Nils Christie, a highly regarded and outspoken professor who ushered in major reforms of criminal law, was laid to rest Wednesday in a ceremony that coincided with sirens blaring from a civil defense exercise, followed by music for reflection. Newspaper Dagsavisen described it all as rather symbolic of the man in question.
Christie, professor emeritus of criminology at the University of Oslo, died in a cycling accident in Oslo on May 27, at the age of 87. He was active to the end and will be remembered for never hesitating to challenge authority or campaign for more humane narcotics policies and treatment of criminals.
His death was described as “terribly sad” by another professor emeritus at the Institute for Criminology, Cecilie Høigård. “As a researcher, he was known for posing strange and unexpected questions,” she told Dagsavisen. “He was always curious and never took anything for granted. He challenged established truths in the 1980s, for example that all forms of narcotics were terribly dangerous. There were draconic punishments at that time for use of even milder drugs.”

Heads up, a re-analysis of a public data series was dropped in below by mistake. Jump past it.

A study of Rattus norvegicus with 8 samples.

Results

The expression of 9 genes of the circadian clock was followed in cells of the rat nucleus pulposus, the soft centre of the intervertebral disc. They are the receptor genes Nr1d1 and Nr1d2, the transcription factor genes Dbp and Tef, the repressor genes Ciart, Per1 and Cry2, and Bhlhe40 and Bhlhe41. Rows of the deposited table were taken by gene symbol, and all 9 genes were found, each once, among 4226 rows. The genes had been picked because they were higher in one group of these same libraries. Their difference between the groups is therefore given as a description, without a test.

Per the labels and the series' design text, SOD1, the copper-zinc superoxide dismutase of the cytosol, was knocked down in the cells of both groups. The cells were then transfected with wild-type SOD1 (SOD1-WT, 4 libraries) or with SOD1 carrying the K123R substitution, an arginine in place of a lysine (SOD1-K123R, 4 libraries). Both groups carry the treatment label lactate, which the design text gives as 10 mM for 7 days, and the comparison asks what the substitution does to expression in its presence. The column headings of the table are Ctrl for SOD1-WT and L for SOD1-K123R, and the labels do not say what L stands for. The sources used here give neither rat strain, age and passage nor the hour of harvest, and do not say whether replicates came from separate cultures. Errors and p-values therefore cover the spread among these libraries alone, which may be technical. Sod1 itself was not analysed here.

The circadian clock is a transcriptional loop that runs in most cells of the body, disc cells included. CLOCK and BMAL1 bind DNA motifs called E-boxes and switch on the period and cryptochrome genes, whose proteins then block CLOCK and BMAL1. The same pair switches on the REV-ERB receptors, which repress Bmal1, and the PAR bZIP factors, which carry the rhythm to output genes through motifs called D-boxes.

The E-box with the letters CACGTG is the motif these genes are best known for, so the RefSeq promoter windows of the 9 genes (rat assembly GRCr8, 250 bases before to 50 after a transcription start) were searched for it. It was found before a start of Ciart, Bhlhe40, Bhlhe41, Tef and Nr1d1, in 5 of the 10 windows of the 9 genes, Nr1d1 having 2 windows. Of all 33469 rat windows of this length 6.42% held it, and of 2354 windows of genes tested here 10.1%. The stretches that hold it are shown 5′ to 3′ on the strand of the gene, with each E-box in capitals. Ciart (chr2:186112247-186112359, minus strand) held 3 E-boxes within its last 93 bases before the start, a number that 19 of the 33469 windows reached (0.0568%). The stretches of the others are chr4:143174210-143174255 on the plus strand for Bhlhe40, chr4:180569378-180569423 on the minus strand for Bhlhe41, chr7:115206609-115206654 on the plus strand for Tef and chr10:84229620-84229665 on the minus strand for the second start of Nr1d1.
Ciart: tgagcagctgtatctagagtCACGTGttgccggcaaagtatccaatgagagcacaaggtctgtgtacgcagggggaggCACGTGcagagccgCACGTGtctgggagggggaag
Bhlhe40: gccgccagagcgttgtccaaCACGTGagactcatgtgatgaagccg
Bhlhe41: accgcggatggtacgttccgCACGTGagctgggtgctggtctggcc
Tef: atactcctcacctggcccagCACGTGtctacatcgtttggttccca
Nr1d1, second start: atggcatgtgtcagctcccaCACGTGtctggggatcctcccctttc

Others said he influenced generations of criminologists and was a bold voice in public debate, often taking the side of the downtrodden. Many of Christie’s books and theories were published, translated and distributed internationally, and influenced criminal policies in other countries as well. He also played a key role in the establishment of a Norwegian council to resolve conflicts (Konfliktrådene).
His funeral on Wednesday did not take place in a church, but rather in a community hall in Oslo located on a plaza named for the workers’ movement. “As welcome as flowers is a donation to a good cause,” wrote his family on the funeral notice. Christie would likely have approved.